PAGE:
Written on: Wednesday, 28th June 2017 – 11:43
I have a doctor’s appointment today. When I remembered at 10:20 and checked my phone I immediately threw myself in the shower getting ready to try to make it to Stirling for 11:00am.
I arrived in a panic, sweating and out of breath having run to the surgery from my car, left abandoned on the street I used to live, hoping against hope that I would not miss it.
After arriving in the doctor’s surgery I sat waiting for ten minutes before the receptionist told me my appointment was not until 12:35, not 11:00.
I moved the car and walked into town, passing a coffee shop my brother worked in many years before. The gentleman who stepped in to cover my post while I have been off work was working with a client. I think they saw me, but rather than engage I kept my eyes front and centre and walked faster. My only intent was to ‘get away’.
The prospect of talking to an employee I could handle. All they or a colleague want to hear is,
“Yeah, I’m doing better. Thanks for asking.”
(Better? Better than what? Better than contemplating ways to die? Most things are better than that.)
It wasn’t coming face to face with a colleague that scared me. It was the idea of having to talk to or even acknowledge a client. I am in a type of pain that often seems indescribable and selfish. I can’t face the idea of being around clients when it would mean putting the mask back in place.
The longer the mask is left on, the harder it is to take off.
But wearing all of the masks at the same time. The masks of definition by action…
Every role and every person I have worked with over the years which have required me to be something for them have necessitated the creation of a new mask. Sometimes they are worn for short periods. Sometimes longer. While they are on, you can be anything. But wearing them drains you. The masks drain whatever lies underneath them to give them power.
Now, all of the masks are off.
When they were created, they fit like death masks. Designed to fit my face and my face alone.
While being worn, a mask never changes. But the person underneath does. Without realising it, the mask changes things about you that you may not have even known about yourself until eventually, you pull the mask away only to realise that the face underneath is no longer one you recognise.
Once the mask is off though you know. You know that you are no longer the same. When it comes time to wear that mask again you have to put it back in place ready for those that need to see it. But the mask was made for your face, and your face only. The face you used to know. The face that changed under the mask into a face you don’t recognise. The mask no longer fits, making it harder to wear and harder still to convince people that you are the same version of yourself that once wore it.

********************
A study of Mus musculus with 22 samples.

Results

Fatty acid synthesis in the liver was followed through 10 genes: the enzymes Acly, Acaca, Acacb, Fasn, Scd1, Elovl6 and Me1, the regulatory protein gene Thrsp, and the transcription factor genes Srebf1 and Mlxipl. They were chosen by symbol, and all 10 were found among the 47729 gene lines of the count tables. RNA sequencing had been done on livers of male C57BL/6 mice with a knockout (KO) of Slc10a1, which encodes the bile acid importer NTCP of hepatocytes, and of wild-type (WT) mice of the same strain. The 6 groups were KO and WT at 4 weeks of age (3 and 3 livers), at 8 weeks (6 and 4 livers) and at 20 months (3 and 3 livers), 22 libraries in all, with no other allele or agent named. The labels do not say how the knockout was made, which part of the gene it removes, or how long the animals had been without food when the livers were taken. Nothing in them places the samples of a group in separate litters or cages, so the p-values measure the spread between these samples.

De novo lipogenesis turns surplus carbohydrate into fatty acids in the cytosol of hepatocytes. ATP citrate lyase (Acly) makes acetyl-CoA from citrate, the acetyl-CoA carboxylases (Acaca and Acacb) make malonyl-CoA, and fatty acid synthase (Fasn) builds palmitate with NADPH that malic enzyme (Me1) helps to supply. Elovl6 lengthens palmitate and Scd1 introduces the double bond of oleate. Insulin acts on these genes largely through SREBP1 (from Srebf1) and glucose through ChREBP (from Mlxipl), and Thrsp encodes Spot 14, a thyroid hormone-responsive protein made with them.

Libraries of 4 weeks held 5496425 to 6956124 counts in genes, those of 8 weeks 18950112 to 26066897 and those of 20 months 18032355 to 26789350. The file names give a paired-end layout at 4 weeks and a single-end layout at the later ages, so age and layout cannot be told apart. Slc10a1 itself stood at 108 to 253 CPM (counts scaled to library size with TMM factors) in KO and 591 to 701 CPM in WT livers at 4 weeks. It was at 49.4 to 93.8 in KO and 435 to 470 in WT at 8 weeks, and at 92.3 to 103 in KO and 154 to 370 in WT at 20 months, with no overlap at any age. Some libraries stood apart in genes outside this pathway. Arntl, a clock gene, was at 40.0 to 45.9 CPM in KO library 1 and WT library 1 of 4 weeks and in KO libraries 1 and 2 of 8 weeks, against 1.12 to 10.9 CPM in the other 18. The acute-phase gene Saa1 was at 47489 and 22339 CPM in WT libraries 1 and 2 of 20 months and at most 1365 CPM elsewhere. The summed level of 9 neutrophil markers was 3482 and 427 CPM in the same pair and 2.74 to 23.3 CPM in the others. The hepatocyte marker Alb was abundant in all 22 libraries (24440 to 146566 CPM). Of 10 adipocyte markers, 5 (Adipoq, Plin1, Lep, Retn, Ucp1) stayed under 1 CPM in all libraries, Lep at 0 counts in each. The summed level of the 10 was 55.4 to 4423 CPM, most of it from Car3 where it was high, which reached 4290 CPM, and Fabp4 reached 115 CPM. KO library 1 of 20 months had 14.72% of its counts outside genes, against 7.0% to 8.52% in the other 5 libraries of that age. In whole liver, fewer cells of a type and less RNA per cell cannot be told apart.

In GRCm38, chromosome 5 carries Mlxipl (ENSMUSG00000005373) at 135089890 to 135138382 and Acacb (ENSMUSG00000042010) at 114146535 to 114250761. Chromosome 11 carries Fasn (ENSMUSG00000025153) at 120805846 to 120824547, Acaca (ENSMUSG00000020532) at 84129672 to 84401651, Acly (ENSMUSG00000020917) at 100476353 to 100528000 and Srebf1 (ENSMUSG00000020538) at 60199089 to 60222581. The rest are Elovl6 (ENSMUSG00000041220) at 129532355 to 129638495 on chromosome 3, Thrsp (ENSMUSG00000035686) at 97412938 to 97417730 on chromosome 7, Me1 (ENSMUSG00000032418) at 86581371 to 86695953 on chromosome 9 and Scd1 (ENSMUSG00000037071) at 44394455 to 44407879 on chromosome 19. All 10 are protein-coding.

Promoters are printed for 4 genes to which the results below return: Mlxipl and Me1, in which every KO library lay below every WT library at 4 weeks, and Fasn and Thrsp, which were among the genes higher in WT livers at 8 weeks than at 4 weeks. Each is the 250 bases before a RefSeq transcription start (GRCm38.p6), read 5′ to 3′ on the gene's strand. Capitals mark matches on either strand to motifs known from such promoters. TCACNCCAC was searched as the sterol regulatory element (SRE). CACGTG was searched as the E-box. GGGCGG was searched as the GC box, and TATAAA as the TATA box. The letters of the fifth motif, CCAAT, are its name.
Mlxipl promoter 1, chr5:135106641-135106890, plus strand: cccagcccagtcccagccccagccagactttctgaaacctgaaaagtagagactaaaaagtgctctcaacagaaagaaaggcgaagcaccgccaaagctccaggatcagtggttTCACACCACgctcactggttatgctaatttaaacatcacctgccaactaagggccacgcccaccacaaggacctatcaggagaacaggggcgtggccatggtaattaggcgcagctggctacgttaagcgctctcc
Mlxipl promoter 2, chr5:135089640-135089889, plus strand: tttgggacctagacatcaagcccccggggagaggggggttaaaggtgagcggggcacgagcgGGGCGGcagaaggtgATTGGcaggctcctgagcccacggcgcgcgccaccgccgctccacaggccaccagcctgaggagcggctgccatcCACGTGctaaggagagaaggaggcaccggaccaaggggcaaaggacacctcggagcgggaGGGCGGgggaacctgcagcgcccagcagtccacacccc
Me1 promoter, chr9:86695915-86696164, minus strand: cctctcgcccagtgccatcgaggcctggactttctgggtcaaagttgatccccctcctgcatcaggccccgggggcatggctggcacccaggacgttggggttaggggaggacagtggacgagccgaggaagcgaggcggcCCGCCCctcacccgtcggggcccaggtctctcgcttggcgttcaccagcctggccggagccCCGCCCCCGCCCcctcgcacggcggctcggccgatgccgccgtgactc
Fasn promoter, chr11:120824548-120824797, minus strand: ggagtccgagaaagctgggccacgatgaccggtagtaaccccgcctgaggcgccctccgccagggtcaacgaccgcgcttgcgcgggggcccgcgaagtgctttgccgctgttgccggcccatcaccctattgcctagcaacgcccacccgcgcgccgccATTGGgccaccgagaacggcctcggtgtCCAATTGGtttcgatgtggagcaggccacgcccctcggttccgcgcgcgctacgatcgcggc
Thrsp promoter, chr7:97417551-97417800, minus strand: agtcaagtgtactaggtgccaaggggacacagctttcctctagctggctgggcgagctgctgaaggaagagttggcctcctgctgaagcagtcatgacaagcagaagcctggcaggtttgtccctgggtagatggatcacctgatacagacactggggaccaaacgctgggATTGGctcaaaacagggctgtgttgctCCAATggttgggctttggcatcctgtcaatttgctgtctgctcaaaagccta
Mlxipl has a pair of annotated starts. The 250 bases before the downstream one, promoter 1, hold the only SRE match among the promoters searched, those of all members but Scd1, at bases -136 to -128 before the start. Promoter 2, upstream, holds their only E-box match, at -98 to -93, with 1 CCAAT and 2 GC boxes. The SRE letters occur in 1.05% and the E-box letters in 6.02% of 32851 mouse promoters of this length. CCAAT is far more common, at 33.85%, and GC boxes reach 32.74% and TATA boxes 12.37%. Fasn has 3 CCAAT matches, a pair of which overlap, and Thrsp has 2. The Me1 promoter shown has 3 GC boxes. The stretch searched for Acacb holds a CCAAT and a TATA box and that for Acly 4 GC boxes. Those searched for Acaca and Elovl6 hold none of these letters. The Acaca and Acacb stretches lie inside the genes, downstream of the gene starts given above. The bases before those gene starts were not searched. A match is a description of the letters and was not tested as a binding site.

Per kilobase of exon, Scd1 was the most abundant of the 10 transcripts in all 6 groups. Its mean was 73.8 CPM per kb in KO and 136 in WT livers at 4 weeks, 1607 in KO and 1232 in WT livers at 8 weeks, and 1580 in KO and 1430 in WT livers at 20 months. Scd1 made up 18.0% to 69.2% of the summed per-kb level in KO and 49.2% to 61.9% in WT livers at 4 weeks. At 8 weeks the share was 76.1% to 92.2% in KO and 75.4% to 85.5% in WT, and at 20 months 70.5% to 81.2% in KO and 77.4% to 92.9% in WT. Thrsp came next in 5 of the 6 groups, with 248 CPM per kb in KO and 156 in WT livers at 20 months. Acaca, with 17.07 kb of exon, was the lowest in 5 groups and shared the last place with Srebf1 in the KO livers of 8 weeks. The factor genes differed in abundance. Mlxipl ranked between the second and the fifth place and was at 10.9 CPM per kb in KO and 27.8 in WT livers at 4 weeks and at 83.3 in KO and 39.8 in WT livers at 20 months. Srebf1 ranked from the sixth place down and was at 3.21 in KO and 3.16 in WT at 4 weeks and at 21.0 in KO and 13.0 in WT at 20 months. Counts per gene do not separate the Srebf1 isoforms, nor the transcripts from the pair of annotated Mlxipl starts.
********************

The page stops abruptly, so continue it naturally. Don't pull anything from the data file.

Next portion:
Response: Thursday, 27th September 2018 – 12:15
During the Summer of 2017, I had to take a sabbatical from work. My mental health had been in a place of decline for some time, and the stress eventually led me to a place where the only thing I could do to get better was to step away from all of my commitments for a while to address my problems head-on and work on getting better.
During this time I wrote a lot, and most of that writing will stay private for a bit longer until I have had a chance to review it and decide how I feel about certain things.
This entry into my personal log, in particular, is the first thing I wrote in a brand new notebook and after filling the last page of the notebook yesterday, it is where my transcription of this notebook begins.
I wanted to share this because I feel so very far moved on from this place and time. But still, the underlying message I was trying to put into words seems so insightful and was the beginnings of the ends for some parts of my life and the start of a whole new chapter which I am only just beginning to tell the story of now.
My lesson learned from this was to spend more time being around people, and places where I could be myself without having to rein myself in or have to put the needs of others first. I talked about being selfish but learned that if you don’t take care of yourself you can’t care for others without it being to someone’s detriment.
The masks I’ve worn may have changed me, but after a while I did begin to recognise myself again. I learned to listen to my own voice of need, and by slowly meeting some of those needs, I realised I was the same person as I’d always been, I just had to make more time for me to ensure that I was still being the truest version of myself.
It takes a lifetime to master being yourself because every day you will learn and life lessons will change you. Embrace the changes, and love yourself. You deserve that love the most and have likely worked hard for it.